NY Times Wants To Hear From Long-Haul Truckers

A new study suggests that for commercial truck drivers, having three or more medical conditions is linked to a significantly increased risk of crashing.

The study was performed by researchers at the University of Utah School of Medicine with support from the National Institute of Occupational Safety and Health.

In a report published in the Journal of Occupational and Environmental Medicineresearchers made the claim that having three or more of certain types of medical conditions caused a truck driver’s chance of crashing to double or even quadruple.

The researchers examined the medical records of 49,464 truck drivers. Taking into account medical conditions that are likely to impact driving ability like diabetes or heart disease, the researchers created a list of 82 truck drivers who had three or more of the flagged medical conditions, putting them at the highest crash risk.

While the average rate of injury crashes among all truck drivers is 29 per 100 million miles, the rate for the drivers in the high crash risk group was 93 per 100 million miles traveled.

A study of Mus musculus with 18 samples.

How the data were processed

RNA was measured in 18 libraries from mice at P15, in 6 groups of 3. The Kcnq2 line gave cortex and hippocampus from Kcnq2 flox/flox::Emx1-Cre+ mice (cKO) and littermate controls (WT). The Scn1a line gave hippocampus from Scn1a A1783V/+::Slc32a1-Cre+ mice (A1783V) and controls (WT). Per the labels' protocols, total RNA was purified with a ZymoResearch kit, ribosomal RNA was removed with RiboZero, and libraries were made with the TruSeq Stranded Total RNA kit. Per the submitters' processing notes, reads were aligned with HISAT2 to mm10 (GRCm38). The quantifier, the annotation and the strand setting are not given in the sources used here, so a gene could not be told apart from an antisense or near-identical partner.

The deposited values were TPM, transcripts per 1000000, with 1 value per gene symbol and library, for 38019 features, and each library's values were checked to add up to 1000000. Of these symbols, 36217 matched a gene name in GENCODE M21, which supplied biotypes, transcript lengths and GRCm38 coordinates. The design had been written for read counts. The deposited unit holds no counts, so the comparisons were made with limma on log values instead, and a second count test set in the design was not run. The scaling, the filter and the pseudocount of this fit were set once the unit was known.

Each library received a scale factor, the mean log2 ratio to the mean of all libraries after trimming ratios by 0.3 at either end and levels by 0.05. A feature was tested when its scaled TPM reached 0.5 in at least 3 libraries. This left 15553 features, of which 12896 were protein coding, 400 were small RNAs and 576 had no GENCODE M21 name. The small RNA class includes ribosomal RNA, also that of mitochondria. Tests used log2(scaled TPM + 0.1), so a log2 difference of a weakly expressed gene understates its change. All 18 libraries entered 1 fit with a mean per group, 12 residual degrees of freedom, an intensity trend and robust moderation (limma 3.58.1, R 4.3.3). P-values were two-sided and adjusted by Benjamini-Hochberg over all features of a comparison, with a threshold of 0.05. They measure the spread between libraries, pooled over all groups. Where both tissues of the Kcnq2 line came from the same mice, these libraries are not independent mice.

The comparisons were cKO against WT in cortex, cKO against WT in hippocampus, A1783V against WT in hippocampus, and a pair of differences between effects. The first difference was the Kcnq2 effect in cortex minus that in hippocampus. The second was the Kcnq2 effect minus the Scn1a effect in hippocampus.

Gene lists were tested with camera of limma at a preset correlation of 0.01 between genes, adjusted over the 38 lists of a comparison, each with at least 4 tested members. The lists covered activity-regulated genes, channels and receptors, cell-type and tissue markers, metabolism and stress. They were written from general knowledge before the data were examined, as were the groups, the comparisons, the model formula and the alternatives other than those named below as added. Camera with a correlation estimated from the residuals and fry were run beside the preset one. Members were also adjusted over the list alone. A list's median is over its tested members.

Researchers speculate that this could mean that a driver may be able to manage a single medical condition like heart disease without increasing the risk of crashing, but that heart disease plus diabetes and anxiety might be an unsafe combination.

You can access the full study by clicking here.

Ashley Neely has been a lead content creator and social media manager with CDLLife since 2015. Her passion? Helping the men and women in the trucking industry get the news they need and the respect that they deserve.